Tuesday 7th July 2009
Mainfreight (NZX: MFT ), the biggest trucking company on the NZX 50, rose 2.7% to $4.26. The company is rated ‘outperform’ based on average recommendation of seven analysts’ ratings compiled by Reuters. Three rate it a ‘buy.’
New Zealand businesses became less pessimistic about the economic outlook and their earnings in the second quarter, according to the New Zealand Institute of Economic Research. A net 25% of companies surveyed expect the economy will worsen over the next six months, an improvement from the 65% who saw worse times ahead in the first quarter.
“It’s a positive sign but even the NZIER came to the conclusion we’d be in recession until the fourth quarter,” said Stephen Wright, private client adviser at ASB Securities in Auckland. “We have to wait for corporate earnings” which won’t be too bad if there are “no more unpleasant surprises,” he said.
New Zealand Refining (NZX: NZR ), the nation’s only oil refinery, gained 2.2% to $7. Clothing chain Hallenstein Glasson Holdings (NZX: HLG ) rose about 2% to $2.60 and ING Property Trust (NZX: ING ) gained 1.6% to 63 cents.
PGG Wrightson (NZX: PGW ), the nation’s biggest rural services company, rose 1.9% to $1.10. The company has already said second-quarter earnings declined to between $30 million and $32 million, from last’s trading profit of $39.2 million.
Marlin Global Ltd (NZX: MLN ), the investor in overseas stocks managed by Fisher Funds Management, rose 2.7% to 77 cents after the company said a shareholder, Gary Cross, was trying to muster the 5% shareholder support needed for a special meeting to vote on delisting and becoming an open-ended fund.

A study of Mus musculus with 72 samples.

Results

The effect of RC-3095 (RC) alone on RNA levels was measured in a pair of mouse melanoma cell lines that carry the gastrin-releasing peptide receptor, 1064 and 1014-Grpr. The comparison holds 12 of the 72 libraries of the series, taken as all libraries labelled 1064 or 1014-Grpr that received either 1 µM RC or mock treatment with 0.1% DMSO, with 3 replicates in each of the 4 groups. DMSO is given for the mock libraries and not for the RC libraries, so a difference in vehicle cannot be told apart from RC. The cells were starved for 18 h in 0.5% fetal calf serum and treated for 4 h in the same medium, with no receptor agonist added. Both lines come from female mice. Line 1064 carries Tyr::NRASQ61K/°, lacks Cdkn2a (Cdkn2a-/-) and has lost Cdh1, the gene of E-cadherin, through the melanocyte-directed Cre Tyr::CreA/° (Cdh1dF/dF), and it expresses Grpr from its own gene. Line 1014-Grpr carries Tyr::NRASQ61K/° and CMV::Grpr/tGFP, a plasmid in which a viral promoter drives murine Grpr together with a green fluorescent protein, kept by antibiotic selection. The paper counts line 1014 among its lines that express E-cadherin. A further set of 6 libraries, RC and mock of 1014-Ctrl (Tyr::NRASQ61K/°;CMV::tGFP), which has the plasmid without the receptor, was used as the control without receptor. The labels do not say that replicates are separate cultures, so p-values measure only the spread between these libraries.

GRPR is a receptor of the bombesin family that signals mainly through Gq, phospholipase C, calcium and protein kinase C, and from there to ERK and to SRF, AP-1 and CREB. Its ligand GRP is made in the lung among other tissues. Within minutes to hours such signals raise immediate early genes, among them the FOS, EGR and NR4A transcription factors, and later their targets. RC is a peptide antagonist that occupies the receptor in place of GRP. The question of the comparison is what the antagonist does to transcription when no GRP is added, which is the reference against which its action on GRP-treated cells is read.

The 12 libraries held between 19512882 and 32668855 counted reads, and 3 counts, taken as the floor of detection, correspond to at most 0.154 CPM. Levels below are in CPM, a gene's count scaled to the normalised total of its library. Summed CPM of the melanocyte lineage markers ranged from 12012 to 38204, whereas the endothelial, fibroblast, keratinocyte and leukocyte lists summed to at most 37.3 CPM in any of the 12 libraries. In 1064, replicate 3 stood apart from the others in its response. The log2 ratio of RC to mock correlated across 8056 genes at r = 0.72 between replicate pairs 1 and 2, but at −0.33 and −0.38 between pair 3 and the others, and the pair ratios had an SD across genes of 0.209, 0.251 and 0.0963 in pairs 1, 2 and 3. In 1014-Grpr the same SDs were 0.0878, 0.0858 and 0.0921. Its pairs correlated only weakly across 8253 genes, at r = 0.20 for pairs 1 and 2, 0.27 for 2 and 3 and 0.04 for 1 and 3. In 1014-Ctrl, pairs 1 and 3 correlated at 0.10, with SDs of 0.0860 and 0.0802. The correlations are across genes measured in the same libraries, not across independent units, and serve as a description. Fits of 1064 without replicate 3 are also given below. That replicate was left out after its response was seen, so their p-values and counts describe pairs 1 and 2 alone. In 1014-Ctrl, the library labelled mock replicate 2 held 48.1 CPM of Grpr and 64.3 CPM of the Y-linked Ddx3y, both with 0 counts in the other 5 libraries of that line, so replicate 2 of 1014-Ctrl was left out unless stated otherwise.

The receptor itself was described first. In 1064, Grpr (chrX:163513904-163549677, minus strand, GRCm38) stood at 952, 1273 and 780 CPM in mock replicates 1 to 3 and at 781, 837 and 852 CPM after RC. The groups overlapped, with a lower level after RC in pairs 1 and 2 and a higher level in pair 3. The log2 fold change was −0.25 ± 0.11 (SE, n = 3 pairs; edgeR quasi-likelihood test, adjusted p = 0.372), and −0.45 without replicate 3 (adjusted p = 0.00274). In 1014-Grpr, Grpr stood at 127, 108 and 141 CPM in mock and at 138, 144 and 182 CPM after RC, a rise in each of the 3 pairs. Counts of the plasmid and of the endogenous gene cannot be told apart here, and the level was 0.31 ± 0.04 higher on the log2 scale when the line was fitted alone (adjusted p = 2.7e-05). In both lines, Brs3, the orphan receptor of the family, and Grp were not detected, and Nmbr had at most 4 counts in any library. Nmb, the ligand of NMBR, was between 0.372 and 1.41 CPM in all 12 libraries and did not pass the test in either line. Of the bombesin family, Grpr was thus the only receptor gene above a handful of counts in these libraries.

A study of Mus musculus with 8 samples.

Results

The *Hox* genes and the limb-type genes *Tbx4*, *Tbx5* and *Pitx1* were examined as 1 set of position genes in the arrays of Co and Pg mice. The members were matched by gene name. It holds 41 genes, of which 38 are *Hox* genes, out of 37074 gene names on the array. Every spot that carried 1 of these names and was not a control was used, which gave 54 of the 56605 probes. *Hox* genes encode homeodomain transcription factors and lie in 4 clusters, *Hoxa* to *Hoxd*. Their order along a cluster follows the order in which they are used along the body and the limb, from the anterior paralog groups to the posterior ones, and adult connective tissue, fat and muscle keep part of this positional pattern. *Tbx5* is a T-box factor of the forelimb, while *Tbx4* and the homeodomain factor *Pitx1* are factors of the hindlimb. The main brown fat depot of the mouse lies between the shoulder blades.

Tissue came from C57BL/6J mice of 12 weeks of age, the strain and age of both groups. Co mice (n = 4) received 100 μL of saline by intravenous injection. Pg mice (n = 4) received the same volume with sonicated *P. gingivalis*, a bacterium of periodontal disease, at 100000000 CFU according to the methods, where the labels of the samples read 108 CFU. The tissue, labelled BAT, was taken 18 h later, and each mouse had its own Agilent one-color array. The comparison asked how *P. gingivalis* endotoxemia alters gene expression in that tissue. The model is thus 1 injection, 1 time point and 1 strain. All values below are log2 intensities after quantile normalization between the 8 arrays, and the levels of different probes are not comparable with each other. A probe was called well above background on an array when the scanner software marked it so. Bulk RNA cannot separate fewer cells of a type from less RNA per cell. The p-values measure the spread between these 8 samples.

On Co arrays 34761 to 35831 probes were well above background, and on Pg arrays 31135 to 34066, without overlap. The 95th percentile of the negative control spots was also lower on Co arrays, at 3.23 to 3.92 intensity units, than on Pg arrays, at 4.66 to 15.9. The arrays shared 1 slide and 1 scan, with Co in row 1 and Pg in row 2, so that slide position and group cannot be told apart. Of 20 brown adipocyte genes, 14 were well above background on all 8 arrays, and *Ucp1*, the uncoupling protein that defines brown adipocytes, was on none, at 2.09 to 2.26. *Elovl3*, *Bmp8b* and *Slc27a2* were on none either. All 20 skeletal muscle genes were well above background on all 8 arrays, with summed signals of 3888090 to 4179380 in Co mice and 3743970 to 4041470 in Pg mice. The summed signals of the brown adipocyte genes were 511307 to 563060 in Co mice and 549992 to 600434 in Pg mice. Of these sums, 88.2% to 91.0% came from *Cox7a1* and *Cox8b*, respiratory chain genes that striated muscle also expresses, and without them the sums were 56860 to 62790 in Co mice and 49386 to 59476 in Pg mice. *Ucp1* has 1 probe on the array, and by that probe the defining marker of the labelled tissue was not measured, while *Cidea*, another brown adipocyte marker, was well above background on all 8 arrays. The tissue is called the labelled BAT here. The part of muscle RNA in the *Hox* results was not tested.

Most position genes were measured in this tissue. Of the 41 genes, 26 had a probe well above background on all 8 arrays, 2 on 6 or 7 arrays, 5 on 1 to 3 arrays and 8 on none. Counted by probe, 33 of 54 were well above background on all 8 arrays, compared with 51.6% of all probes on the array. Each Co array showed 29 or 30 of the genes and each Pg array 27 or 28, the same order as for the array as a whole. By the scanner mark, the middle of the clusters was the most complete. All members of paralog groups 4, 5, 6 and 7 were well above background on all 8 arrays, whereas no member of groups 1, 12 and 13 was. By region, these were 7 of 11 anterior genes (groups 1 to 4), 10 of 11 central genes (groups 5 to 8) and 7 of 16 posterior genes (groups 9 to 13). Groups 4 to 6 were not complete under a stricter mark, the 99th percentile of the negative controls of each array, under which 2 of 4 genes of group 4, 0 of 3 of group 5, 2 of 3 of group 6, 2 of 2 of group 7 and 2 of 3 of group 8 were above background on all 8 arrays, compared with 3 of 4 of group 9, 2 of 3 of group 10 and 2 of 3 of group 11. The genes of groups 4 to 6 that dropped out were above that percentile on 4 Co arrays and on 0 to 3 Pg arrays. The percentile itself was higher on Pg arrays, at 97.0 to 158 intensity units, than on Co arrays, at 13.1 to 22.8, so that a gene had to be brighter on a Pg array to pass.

Biotech company Rubicon Ltd., whose investments include stakes in wood products group Tenon and ArborGen, climbed 6.3% to 85 cents. The Takeovers Panel released a determination into a partial takeover by funds associated with American David Knott, which concluded the fund had inadvertently votes their own shares in favour of the deal.
Fletcher Building (NZX: FBU ), which operates construction and building products businesses, fell 0.9% to $6.41 after a report showed Australia’s building industry shrank as a faster pace last month. A survey by the Australian Industry Group and Housing Industry Association showed a 4.3 point drop in the association’s index to 42.6, marking the 16th straight month of contraction.
Steel & Tube Holdings (NZX: STU ), which sells steel building supplies such as reinforcing rods, fell 1.4% to $2.76.
NZ Farming Systems Uruguay (NZX: NZS ) fell 8% to 45 cents, leading the NZX 50 lower.
Foodmaker Goodman Fielder (NZX: GFF ) fell 1.8% to NZ$1.62 and jeweler Michael Hill International shed 1.6% to 62 cents.
ING New Zealand expects companies in the NZX 50, on average, to post a 4.2% decline in second-quarter per-share earnings. The results season kicks off next month. Before then, U.S. companies are due to post their second-quarter results, with aluminium producer Alcoa the first major to report. “The U.S. will either have stimulus or depression earlier than us,” Wright said.
The NZX 50 rose 3.27, or 0.1%, to 2746.24. Within the index, 17 stocks fell, 16 rose and 18 were unchanged. Turnover was $64.7 million.